Thanks to the volunteers who have signed up to count literary prize data1 we now have more granular information coming in about literary prizes. And the more granular we get, the more interesting the picture becomes.

A couple of months ago I documented what appeared to be substantial gender bias in literary awards over the last fifteen years: even when women win prizes it’s likely to be for writing about men. The more prestigious the literary award, the more likely the subject of the narrative will be male. Those pie charts Indicated imbalance even if, say, a short story collection featuring a dozen men and one woman was counted as being equally about both.

But thanks to more people counting, we now have the ability to look deeper.

Here’s the most recent Man Booker longlist as an example2. This is an apparently diverse longlist: lots of writers of colour, with a preponderance of women: of the 13 books, 7 are by women and 6 by men.

When we take a look at the gender of the protagonists using my previous, simplified counting method (and comparable design and colours for the charts), this is what it looks like:

Man Booker 2015 Longlist

That ends up as 6 books about men, 4 books about women, 3 about both. Not parity. But better by far than the gender ratios of prize winners of the last 15 years. However, when we look deeper—when, for example, we take into account that one novel has 1 female protagonist and 3 male, and another has 0 female protagonists and 4 male–the picture looks a little different.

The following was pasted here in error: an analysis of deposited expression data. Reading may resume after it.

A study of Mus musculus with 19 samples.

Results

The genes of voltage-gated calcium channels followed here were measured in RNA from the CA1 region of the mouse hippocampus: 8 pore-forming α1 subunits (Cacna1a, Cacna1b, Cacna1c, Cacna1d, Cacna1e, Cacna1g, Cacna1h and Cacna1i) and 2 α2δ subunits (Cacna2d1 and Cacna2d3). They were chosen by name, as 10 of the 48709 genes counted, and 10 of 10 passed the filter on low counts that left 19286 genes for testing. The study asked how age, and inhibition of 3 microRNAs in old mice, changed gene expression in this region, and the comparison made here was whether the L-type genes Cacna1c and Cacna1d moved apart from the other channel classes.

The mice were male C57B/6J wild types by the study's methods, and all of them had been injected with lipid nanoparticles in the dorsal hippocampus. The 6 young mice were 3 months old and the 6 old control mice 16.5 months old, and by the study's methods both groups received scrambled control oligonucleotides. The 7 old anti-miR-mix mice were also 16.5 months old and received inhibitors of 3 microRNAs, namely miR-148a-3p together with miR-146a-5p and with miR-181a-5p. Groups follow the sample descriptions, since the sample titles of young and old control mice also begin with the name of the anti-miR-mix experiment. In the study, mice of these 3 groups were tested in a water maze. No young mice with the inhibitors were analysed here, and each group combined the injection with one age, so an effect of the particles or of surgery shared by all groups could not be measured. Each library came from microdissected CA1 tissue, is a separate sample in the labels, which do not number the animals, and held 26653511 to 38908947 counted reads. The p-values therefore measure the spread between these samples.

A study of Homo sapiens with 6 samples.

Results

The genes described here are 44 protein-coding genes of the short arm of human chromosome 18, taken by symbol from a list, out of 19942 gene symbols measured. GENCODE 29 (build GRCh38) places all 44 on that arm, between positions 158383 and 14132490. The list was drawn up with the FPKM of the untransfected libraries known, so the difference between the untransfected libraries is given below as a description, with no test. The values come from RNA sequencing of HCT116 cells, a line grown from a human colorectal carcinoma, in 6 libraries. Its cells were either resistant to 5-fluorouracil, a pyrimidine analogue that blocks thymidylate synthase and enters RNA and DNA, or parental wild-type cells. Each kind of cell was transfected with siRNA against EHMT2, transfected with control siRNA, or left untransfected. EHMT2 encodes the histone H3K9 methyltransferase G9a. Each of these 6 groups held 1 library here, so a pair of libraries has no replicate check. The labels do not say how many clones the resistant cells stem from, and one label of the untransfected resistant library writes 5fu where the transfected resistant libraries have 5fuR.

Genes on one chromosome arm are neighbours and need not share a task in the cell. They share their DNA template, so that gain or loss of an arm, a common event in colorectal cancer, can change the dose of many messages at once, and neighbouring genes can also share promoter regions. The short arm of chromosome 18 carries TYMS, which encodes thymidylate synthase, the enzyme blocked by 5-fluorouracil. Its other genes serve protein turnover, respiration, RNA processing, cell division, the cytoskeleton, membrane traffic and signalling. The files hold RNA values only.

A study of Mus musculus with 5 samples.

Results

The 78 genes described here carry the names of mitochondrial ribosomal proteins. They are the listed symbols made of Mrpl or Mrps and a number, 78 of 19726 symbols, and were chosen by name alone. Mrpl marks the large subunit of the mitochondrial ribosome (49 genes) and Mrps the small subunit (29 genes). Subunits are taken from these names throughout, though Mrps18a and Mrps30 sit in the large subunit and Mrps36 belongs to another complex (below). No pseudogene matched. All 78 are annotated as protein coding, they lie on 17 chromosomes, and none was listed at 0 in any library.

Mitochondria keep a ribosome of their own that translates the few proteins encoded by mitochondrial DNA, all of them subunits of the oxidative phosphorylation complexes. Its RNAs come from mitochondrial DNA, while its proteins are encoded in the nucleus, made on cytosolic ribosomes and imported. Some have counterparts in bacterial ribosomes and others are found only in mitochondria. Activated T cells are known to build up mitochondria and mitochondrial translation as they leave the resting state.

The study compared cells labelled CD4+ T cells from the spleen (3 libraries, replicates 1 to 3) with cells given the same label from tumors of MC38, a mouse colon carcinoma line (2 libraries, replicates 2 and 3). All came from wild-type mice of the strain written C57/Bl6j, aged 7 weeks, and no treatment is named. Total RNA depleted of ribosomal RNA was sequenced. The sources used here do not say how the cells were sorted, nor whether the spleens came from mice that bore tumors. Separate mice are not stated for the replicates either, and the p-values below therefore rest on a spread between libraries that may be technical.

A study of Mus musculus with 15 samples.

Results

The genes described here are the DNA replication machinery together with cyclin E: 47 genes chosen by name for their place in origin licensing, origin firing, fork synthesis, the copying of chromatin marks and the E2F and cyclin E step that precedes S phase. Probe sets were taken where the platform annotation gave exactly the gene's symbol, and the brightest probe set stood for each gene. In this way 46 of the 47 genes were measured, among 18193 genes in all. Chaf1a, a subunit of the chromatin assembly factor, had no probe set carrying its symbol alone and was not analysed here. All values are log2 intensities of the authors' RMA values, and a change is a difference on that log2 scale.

Man Booker 2015 Longlist all protags copy

Even in this comparatively equal list, in which female authors outnumber male, 14 of the 21 protagonists, two thirds, are men. In other words, when it comes to the books deemed worthy of long-listing for a prestigious literary prize, both women and men tend to write about men more often than they write about women.3, 4

More data as and when it comes in.

1 We are looking for volunteers: to count, to spread the word, to collate. If you want to help, sign up for the Google group, Literary Prize Data.
2 As before, I welcome corrections. If you’ve read all the books, and by your count this is all wrong, please say so!
3 This design’s a bit different: for example, I’ve left out “Unknown,” and frankly forgot to label the pie segments. If you sign up for the Google group you can see the raw data. Sometime soon I’ll figure out a better, more clear way to present all this stuff.
4 Why? Well, I have some thoughts about that. See my interview with the Seattle Review of Books.